Posted by Albertina on 2nd May, 2013

    Are we freaking out about ageing? We can use anti-ageing creams, serums, balms,  moisturisers, wrinkle smoothers, and dermal fillers to combat the signs of ageing. Has our acceptance of the ageing process been dropped in favour of actively slowing down or even reversing the signs of ageing? Some of us will want to use non-surgical procedures to try to improve our looks as we age. However, there is concern amongst the medical fraternity that these procedures are dangerous for us.

    As a result of pressure from many surgeons following the PIP implant scandal the government set up a committee to review the regulation in the cosmetic medical procedures sector which exposed issues with product quality, after care and record keeping. The report also highlighted the use of misleading advertising, inappropriate marketing and unsafe practices right across the sector.

    The investigation was headed by Professor Sir Bruce Keogh KBE; the finding of which has been submitted to Secretary of State for Health and a copy can be found at:

    Non-surgical interventions such as: dermal fillers, Botox® or the use of laser or intense pulsed light (IPL) were investigated by the committee. They discovered that non-surgical interventions are almost entirely unregulated. One area that was brought to the attention of the team is in the use of dermal fillers which are ‘a particular cause for concern as anyone can set themselves up as a practitioner, with no requirement for knowledge, training or previous experience. Nor are there sufficient checks in place with regard to product quality – most dermal fillers have no more controls than a bottle of floor cleaner. There has been explosive growth in this market, driven by a combination of high demand and high profits in an era when all other commercial income is stalling.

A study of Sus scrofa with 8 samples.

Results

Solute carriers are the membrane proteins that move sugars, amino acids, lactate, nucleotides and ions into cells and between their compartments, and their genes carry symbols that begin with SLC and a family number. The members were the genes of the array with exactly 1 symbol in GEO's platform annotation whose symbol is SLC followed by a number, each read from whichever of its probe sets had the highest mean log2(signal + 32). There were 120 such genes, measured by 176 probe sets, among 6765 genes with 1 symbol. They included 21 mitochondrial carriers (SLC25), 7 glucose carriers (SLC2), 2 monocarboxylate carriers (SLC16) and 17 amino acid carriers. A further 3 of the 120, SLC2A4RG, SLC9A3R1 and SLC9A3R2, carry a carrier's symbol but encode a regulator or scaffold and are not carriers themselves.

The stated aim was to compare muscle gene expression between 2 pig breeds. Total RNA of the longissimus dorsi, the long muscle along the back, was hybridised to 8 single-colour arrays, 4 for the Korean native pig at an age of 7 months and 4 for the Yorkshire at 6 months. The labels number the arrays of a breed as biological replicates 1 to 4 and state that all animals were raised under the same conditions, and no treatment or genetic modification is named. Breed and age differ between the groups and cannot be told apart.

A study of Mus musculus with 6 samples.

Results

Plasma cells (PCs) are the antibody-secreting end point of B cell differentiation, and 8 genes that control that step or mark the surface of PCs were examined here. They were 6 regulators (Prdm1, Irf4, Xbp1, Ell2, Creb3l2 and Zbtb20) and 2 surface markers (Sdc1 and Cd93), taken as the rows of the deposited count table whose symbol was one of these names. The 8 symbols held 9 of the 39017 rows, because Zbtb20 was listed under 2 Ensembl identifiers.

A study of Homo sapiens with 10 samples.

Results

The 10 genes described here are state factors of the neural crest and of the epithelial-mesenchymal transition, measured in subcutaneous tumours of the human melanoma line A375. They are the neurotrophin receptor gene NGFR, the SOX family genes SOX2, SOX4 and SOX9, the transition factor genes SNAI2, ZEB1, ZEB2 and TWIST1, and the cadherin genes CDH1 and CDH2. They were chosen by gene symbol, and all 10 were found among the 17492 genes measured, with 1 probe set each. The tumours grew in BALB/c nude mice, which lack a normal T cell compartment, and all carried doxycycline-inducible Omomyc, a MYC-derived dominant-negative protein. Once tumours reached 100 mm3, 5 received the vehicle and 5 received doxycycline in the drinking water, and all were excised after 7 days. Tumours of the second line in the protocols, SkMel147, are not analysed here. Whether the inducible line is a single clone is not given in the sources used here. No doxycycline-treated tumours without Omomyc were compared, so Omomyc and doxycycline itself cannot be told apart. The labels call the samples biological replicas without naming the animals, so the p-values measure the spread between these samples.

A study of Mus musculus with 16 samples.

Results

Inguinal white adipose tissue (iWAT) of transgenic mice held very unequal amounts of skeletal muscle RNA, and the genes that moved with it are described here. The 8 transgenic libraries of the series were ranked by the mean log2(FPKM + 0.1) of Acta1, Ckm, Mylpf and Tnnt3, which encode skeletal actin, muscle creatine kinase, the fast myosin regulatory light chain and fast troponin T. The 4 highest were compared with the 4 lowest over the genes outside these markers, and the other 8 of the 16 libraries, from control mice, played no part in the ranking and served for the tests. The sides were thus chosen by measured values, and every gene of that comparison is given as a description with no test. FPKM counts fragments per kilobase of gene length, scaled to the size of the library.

The findings of the committee on non-surgical interventions are:

    • Fillers need to be prescription-only
    • All practitioners of non-surgical interventions should be registered and have appropriate accredited qualifications
    • Written evidence of acceptance of treatment should be recorded
    • Advertising will be restricted with specific guidelines
    • All practitioners should have adequate professional indemnity

    For you, the consumer it means that if you want non-surgical dermal fillers you must make sure the practitioner is fully trained and can prove this to you. They should have proper professional indemnity, and you should sign to accept the treatment. The advertising that the practice does should not be coercive or give you money incentives.

    In order to be sure about what you want to achieve using a non-surgical intervention you should be allowed enough time to consider the implications and safety aspects of the treatment you are undertaking.  Even to the point of uniting these procedures with some mental health assistance. Combining the use of evaluation of your psychological state will prepare you for any intervention that you wish to have.